An important issue for employers to be aware of when setting up an employee benefits plan is making sure you have a good understanding of liabilities that could put your business at risk. Benefits liability risk can be a bigger issue than most people think, and there can be serious repercussions from a financial perspective.
Employee benefits liability refers to how likely it is that a company could be sued by an employee due to the administration of its employee benefits plan. While you may think this isn’t necessarily possible, the unfortunate truth is that there are plenty of companies that have experienced liabilities, and it is not a pleasant situation for anyone.
There are multiple examples of Canadian rulings on LTD benefits give a good idea of how liability can lead to serious legal challenges.
At Benavise, we have a checklist that we use with plan administrators to talk through benefits liability risks and give examples of how a business can be exposed to lawsuits related to the company’s benefits plan. Whether your business is big or small, it’s important to talk to your benefits advisor to be clear on your role as a plan administrator so you can prevent liabilities and keep your business protected.
Here are a few examples of situations where it would be important to lower your exposure to liability risks in your employee benefits plan.
1. Late Enrollment Applications
It is common for a plan to have a waiting period when an employee starts to work for a company. So, while the plan administrator and employee may have filled out all the necessary paperwork, an administrator may set the file aside until the waiting period has passed. The risk with this is that if the administrator then forgets to complete enrollment at the appropriate time, the applicant may be subject to declined coverage. As a result, there is potential for a lawsuit in which the employee may require that the company cover fees related to their declined claim.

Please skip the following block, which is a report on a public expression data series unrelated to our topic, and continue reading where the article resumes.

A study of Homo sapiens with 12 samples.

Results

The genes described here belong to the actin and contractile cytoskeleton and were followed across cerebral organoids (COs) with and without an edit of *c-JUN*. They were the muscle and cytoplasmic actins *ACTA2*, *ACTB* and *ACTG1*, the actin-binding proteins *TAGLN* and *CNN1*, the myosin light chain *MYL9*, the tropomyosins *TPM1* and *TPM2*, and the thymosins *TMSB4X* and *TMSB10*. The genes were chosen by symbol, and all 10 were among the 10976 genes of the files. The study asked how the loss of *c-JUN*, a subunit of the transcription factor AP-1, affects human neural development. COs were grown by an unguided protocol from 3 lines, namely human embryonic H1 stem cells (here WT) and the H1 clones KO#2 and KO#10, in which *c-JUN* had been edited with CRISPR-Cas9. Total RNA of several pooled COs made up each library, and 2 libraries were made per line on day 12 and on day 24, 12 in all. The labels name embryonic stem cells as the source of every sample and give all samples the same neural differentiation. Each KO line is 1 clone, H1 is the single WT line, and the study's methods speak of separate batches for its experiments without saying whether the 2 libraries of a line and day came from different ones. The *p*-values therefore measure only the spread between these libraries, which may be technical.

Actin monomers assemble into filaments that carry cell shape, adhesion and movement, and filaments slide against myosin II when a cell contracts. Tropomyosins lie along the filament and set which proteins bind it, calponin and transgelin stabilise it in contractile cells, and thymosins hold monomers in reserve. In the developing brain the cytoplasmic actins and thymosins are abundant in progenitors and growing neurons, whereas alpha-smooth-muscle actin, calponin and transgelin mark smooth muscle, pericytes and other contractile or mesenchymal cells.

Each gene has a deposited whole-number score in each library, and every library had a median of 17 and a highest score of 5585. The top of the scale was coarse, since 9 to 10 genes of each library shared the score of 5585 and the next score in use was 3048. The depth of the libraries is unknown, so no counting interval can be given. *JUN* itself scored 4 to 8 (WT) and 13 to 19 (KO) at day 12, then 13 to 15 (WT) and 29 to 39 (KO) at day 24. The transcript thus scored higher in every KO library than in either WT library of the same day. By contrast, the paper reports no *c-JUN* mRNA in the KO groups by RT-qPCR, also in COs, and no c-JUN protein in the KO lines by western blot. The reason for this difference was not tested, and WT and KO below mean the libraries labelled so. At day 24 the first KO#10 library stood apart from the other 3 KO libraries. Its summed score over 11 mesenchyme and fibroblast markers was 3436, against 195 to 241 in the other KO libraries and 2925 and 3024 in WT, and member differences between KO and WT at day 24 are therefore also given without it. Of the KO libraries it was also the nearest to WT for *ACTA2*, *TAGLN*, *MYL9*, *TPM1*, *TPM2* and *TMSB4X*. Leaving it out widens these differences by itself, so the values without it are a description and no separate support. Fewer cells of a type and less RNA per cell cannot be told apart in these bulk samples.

2. Ignoring Mandatory Enrollment
If a plan requires the mandatory enrollment of all employees in the company, there is a risk for lawsuits in the event that an employee does not enroll for whatever reason. In some cases, an employee may not want to enroll in their company’s benefits plan – perhaps because they already have coverage as a dependent in their spouse’s plan. While it may seem easy to have them sign a waiver to indicate that they do not want to opt into their company’s plan, this may not hold up in court when the plan requires mandatory enrollment.
3. Failure to Report Salary Increases
When an employee’s salary changes, this impacts the value of potential coverage for an employee if they go on long term disability (LTD) leave. As a plan administrator, it’s essential to report salary increases in the plan to be sure that a person would receive the correct amount of coverage. For example, if a plan administrator forgets to update a salary increase, then an employee on LTD would receive less than what they should. As a result, this could expose the company to being sued for the remaining value of what the employee should have gotten had their salary increase been properly reported.
How to prevent benefits liability risk
Awareness of potential liabilities in an employee benefits plan is incredibly important to avoid exposure to lawsuits. Plan administrators can check with their property and casualty insurance provider to find out if they offer employee benefits liability coverage. Being aware of and proactively working to avoid liability is your first line of defence. An employee benefits advisor who specializes in benefits should assist plan administrators with education, training and prevention of liability situations from happening.
If you’d like to understand more about employee benefits liability or want to discuss the checklist that we use with plan administrators, get in touch with us today.